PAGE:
Grounded: The Boeing 747 Dreamlifter that mistakenly landed Wednesday at Jabara airport in Wichita, Kan.
Jaime Green
Grounded: The Boeing 747 Dreamlifter that mistakenly landed Wednesday at Jabara airport in Wichita, Kan.

Update at 2:17 p.m. ET. In The Air:

Moments ago a massive Boeing 747 "Dreamlifter" cargo jet that mistakenly landed at a small municipal airport late Wednesday took off with a roar from an airfield with a runway much shorter than a jet that size usually uses.

We were watching an NBC News webcast as the big jet took off.

According to the Wichita Eagle, "crews took fuel off the airplane to lighten its load, sources say, and with [a] light cargo load and current wind conditions, the plane [was] capable of taking off."

So the drama, which we described earlier, would seem to be over.

Our original post — "Taking Off Will Be Tricky After Jet Lands At Wrong Airport" — and earlier updates follow:

Before we all take our daily dose of "serious" news, there's this:

A Boeing Co. 747 Dreamlifter cargo jet landed at the wrong airfield in Wichita, Kan., on Wednesday night and is now sitting on a runway that's far shorter than those typically needed for takeoff.

It seems that the jet took off from John F. Kennedy International Airport in New York City and was supposed to land at McConnell Air Force Base in Wichita. Dreamlifters are used by Boeing to haul parts for its aircraft.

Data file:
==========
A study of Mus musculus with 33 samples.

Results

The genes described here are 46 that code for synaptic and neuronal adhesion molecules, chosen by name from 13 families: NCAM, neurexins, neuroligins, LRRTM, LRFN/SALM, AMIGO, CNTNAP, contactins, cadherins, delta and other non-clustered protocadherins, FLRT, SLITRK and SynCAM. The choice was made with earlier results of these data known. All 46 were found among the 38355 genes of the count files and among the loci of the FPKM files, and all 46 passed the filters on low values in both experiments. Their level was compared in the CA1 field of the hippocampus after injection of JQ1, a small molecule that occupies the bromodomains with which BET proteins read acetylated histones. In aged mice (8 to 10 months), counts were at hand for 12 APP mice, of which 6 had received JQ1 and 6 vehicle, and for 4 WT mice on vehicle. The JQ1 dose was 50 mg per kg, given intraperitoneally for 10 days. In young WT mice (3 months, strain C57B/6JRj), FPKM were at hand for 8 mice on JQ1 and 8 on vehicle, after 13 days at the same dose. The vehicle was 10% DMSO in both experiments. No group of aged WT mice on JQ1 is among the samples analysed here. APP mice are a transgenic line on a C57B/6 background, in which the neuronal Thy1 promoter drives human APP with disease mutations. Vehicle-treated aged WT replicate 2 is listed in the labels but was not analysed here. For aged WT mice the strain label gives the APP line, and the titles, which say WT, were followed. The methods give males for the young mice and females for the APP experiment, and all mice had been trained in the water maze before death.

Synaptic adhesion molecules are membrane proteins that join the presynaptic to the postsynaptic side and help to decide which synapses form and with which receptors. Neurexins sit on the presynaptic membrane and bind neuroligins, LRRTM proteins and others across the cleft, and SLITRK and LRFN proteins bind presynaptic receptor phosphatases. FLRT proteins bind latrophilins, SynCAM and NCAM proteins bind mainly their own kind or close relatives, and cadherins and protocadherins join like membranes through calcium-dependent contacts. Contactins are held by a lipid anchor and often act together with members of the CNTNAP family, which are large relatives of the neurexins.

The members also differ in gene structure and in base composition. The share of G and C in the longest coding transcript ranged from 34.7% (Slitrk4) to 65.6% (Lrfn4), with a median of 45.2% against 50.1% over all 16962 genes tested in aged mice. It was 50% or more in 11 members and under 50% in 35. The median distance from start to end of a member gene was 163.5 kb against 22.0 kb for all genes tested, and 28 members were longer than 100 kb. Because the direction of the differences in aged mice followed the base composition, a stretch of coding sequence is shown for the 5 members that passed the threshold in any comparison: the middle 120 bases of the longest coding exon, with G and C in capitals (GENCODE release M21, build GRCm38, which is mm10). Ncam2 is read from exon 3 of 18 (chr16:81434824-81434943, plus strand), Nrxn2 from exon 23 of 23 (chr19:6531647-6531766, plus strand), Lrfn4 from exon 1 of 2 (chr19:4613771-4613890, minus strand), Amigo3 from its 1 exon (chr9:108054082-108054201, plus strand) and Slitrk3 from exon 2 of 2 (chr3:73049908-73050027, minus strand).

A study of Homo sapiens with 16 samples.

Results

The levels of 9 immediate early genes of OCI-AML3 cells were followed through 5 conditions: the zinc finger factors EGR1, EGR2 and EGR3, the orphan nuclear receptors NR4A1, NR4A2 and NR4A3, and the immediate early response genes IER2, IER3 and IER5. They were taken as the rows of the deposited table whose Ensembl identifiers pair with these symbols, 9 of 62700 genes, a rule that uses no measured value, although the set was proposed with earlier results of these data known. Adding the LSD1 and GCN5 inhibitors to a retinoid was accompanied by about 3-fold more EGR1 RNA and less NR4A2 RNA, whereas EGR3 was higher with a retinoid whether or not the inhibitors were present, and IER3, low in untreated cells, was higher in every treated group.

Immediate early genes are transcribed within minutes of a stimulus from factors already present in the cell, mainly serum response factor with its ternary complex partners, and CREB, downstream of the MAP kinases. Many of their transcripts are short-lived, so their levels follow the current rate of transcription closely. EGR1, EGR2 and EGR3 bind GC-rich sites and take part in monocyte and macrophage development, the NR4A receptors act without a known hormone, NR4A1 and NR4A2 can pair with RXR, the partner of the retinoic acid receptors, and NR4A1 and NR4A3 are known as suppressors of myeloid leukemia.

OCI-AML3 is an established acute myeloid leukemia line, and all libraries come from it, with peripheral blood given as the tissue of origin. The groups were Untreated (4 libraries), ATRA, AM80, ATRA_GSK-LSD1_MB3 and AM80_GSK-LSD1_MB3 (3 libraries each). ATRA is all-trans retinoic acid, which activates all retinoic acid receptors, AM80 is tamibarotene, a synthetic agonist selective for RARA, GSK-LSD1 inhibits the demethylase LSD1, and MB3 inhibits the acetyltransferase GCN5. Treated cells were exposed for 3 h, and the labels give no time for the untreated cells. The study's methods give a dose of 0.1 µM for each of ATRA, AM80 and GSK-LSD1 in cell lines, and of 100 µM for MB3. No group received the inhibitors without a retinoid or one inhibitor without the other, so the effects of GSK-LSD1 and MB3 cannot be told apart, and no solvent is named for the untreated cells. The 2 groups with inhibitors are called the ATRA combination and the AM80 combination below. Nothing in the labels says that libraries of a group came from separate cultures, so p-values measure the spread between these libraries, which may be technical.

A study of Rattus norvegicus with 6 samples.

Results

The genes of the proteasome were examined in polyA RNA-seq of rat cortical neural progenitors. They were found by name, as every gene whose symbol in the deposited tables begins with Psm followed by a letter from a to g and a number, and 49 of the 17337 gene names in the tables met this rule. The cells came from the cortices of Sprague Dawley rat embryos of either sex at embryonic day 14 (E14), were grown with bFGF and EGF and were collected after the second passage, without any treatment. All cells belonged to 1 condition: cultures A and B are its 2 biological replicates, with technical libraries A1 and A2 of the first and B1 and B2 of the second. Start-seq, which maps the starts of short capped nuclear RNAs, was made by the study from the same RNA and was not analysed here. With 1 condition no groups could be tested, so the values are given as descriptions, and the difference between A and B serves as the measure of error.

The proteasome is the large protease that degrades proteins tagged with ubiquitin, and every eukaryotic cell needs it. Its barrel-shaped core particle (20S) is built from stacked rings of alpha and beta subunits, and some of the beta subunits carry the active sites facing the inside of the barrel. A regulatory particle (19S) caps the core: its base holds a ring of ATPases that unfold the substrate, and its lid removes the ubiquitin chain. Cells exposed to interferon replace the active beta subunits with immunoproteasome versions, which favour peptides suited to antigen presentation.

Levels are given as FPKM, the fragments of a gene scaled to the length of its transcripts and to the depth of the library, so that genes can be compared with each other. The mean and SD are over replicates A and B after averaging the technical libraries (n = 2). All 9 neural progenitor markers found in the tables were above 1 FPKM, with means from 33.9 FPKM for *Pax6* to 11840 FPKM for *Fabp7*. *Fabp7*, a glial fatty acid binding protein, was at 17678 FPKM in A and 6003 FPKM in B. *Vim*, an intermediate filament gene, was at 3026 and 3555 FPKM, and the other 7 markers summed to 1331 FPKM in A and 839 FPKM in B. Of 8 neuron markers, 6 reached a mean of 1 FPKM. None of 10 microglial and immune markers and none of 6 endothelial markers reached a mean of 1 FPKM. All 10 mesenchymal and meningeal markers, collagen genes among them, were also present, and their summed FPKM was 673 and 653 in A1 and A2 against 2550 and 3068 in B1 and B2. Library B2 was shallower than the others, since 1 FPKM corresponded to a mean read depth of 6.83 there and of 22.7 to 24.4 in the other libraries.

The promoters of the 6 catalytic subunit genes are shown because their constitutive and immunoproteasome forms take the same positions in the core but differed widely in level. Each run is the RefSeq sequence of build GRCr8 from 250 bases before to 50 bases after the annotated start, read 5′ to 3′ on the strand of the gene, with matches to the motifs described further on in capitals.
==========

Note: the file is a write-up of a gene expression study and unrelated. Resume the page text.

But instead of touching down at McConnell, the jet landed at Colonel James Jabara Airport, a small municipal airfield about 10 miles from the Air Force base.

Wichita's KWCH-TV says a recording of the conversation between the pilots and controllers shows the jet was cleared to land at McConnell. But minutes later, one of the pilots can be heard saying, "Ahh .... we just landed at the other airport."

Fortunately, according to the city's official Twitter page, "no one [was] injured, no property damage."

But here's the problem:

"A Dreamlifter is supposed to need a runway 9,199 feet long to take off at maximum takeoff weight, and 7,000 feet to land at maximum landing weight," KWCH reports. "The runway length at Jabara is 6,101 feet."

The station says it's been told by emergency dispatchers that equipment is being brought to the scene to turn the Dreamlifter around and that "Boeing hopes to fly the plane out of Jabara." Presumably it would be emptied of any cargo to make liftoff easier.

We'll watch for news of how the problem is solved.

Update at 2 p.m. ET. Webcast:

NBC News is streaming a live feed from the airport. It looks like the pilots may be testing the engines.

Update at 1 p.m. ET. Takeoff Attempt Delayed:

Wichita's KAKE-TV now says "the Dreamlifter was scheduled to take off around noon [1 p.m. ET], but that will likely be delayed. No new time has been given."

Update at 7:45 a.m. ET: Kansas City's 41ActionNews reports the jet has been "turned 180 degrees ... will take off around noon [local time]."

Meanwhile, though we doubt Boeing could tow the jet the from Jabara over to McConnell, we've pulled together a Google Map and driving directions. Be aware, Boeing, "this route has tolls." Bring some change.

1. Head south on N Webb Rd toward E 34th St N 4.7 mi

2. Turn right onto E Kellogg Ave 0.1 mi

3. Take the ramp to I-35 S 0.5 mi

4. Keep right at the fork, follow signs for I-35 S/Wellington/Oklahoma City and merge onto I-35 S 4.7 mi

5. Take exit 45 toward KS-15 0.5 mi

6. Merge onto Turnpike Dr 0.2 mi

7. Turn left onto KS-15 S/Southeast Blvd 0.2 mi

8. Turn left onto E MacArthur Rd 0.8 mi

9. Turn left. Destination will be on the right

Copyright 2021 NPR. To see more, visit https://www.npr.org.

Mark Memmott is NPR's supervising senior editor for Standards & Practices. In that role, he's a resource for NPR's journalists – helping them raise the right questions as they do their work and uphold the organization's standards.